The Archbishop of Canterbury has been warned by senior church leaders that he risks handing a propaganda coup to President Robert Mugabe by seeking to meet the Zimbabwean dictator on Sunday. Senior church leaders are concerned that the 87-year-old leader could use photographs of himself admonishing Dr Rowan Williams to his political advantage.
There are also growing fears that the archbishop’s visit to the country could worsen the plight of Anglicans, who have seen their priests arrested, beaten and forced from their homes in a dispute with a breakaway faction backed by Mr Mugabe.
The visit, which begins on Sunday, is regarded as one of the most critical and diplomatically sensitive trips of Dr Williams’ time in office. He is expecting to meet Mr Mugabe on Monday and has expressed his determination to challenge him over the persecution of the Church in Zimbabwe.
However, the Rt Rev Sebastian Bakare, the former Bishop of Manicaland, urged Dr Williams to reconsider asking for time with the dictator.
“For me, that meeting is a waste of time because Mugabe is making his position very clear and we as a church should not go and kneel before him,” he said.
The British government has already distanced itself from Dr Williams’ visit, stressing he is making it in a pastoral capacity rather than a political one.
A Foreign Office spokesman said: “He is not a representative of the government and his proposed meeting with Mugabe in no way reflects a change of government policy.”
The Rt Rev James Langstaff, the Bishop of Rochester which is twinned with the diocese of Harare, said there was a danger that a summit between the two leaders could backfire, but that this should not prevent it taking place.
“There is a risk that pictures of the archbishop shaking his hand will be used as proganda, but sometimes we have to take risks as Christians,” he said.
“If there’s an opportunity for him to make clear to Mugabe the impact the persecution is having on the Church, that has to be worth taking.”
If the president agrees to the meeting – which on Saturday was still unconfirmed – the archbishop will be the first British dignitary to visit him in Zimbabwe since Baroness Amos saw him in 2001.
A senior aide to Dr Williams said the archbishop is fully aware of the extremely sensitive nature of his visit and is agonising over whether he would shake the president’s hand. “The stakes are very high. This is not a game,” he said.
“We have a strategy in place. The main message the archbishop wants to convey is that the Church is in solidarity with the Anglicans in Zimbabwe who are going through an extremely difficult time.”
In recent months, worshippers have been violently ejected from churches and mission schools by police using tear gas and batons.
Up to 40 per cent of the country’s Anglican churches have been seized by Nolbert Kunonga, the ex-communicated Bishop of Harare who has described Mr Mugabe as a “prophet of God” and denounced Dr Williams for failing to stop the appointment of homosexual bishops.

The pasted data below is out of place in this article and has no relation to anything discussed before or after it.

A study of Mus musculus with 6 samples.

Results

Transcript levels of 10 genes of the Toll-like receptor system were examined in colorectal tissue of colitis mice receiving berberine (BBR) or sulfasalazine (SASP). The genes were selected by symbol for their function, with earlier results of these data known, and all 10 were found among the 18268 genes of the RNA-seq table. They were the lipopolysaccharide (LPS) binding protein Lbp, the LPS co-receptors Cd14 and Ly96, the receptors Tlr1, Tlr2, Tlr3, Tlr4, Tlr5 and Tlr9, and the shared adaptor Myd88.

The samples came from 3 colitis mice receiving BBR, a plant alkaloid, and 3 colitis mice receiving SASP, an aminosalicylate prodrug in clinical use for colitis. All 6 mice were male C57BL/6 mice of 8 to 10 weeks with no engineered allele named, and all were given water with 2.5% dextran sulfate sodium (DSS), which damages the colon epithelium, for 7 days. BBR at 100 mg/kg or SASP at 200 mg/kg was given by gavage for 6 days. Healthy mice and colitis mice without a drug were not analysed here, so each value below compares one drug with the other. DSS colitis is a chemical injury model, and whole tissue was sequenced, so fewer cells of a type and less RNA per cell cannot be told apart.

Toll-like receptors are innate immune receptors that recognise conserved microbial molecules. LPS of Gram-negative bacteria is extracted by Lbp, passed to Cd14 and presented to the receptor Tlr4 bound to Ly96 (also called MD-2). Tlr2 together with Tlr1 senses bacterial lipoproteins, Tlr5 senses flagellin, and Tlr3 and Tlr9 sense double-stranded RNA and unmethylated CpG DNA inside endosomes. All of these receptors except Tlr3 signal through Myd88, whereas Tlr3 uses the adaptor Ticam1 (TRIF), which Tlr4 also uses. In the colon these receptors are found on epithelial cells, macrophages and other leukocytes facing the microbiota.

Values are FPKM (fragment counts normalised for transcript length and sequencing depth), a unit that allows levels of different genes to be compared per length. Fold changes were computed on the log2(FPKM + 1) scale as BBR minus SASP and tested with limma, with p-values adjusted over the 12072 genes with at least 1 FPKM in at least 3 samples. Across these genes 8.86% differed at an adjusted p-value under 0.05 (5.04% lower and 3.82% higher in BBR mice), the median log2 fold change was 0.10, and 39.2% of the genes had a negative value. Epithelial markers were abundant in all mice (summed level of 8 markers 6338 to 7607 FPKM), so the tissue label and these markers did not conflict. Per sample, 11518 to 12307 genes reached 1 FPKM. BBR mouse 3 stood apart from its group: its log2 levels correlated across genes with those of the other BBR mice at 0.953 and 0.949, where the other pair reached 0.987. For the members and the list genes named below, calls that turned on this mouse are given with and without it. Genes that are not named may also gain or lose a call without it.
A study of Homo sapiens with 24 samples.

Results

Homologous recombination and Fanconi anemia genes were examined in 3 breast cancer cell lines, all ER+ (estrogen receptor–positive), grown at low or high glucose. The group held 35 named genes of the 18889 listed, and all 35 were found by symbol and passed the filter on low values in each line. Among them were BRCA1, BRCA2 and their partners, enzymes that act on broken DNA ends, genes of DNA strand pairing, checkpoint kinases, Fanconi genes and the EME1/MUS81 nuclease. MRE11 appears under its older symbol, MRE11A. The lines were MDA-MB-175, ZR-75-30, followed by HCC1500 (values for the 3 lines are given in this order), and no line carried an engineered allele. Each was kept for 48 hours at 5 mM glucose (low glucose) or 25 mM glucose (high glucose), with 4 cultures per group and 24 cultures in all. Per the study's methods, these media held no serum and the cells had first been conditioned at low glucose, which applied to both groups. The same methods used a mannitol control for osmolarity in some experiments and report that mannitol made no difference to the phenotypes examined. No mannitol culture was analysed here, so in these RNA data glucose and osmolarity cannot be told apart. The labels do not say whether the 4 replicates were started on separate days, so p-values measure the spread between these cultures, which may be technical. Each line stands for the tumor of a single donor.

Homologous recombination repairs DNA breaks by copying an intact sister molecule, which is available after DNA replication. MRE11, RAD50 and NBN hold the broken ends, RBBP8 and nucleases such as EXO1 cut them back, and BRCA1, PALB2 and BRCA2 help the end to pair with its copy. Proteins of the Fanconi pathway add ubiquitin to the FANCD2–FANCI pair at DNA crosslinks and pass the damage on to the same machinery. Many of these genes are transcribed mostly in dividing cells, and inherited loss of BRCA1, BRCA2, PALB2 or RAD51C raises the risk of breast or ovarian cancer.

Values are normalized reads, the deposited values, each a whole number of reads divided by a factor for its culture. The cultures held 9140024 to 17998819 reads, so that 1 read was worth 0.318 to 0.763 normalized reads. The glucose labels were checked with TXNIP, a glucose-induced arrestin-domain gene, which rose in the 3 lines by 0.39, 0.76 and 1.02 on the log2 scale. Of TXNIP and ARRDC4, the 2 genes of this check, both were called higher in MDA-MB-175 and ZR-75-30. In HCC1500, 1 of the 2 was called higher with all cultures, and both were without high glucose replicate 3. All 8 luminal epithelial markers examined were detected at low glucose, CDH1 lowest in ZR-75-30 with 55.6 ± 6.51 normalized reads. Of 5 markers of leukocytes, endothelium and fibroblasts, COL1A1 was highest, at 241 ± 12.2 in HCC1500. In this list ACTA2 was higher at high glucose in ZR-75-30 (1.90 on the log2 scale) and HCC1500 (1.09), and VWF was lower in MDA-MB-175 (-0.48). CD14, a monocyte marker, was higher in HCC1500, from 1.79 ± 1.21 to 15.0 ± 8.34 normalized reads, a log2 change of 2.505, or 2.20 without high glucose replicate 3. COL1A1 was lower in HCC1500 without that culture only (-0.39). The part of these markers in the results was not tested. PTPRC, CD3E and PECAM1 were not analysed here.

Bishop Bakare said he does not expect the meeting to be productive, but stressed that the archbishop’s visit was of great symbolic importance.
“For him to come to Zimbabwe at this juncture is a morale boost for people who feel persecuted, sidelined and lonely,” he said.
Dr Williams will arrive in the country today after a visit in Malawi, where he yesterday delivered a thinly veiled attack on the actions of Mr Kunonga.
“This [harmony] will work only if our churches truly are places where all people are honoured and where rivalry and violence are utterly rejected,” he said.
“When a church is enslaved afresh by greed, by regional or ethnic loyalties, by personal ambitions, it needs the wind of the Spirit to purify it.”
The Rt Rev Chad Gandiya, the Bishop of Harare, who was robbed and threatened last month, revealed some Anglicans are afraid the archbishop’s visit could “escalate our suffering”.
However, last night he said that a meeting with Mr Mugabe would given Dr Williams an opportunity to appeal for an end to the persecution.
“We would welcome a meeting and I hope to attend as well. We want to ask for the violence to stop,” he said. “When you talk, there are always possibilities.”
Around 20,000 people are expected to attend a Eucharist service being led by Dr Williams today at Harare’s sports stadium, but there are concerns it could be disrupted by supporters of Zanu PF, Mr Mugabe’s party.
It is also understood that Mr Kunonga has been given permission to hold a demonstration today, which local clergy fear could increase tensions.
The Rev Admire Chisango, a spokesman for the excommunicated bishop, raised the possibility that Dr Williams’ service could be stopped from going ahead.
“If the police see fit to bar it then they will be acting within the law,” he said.
“The bishop legally and constitutionally of the Diocese of Harare is Bishop Kunonga and Rowan Williams doesn’t have any invitation according to the order of the courts of Zimbabwe.”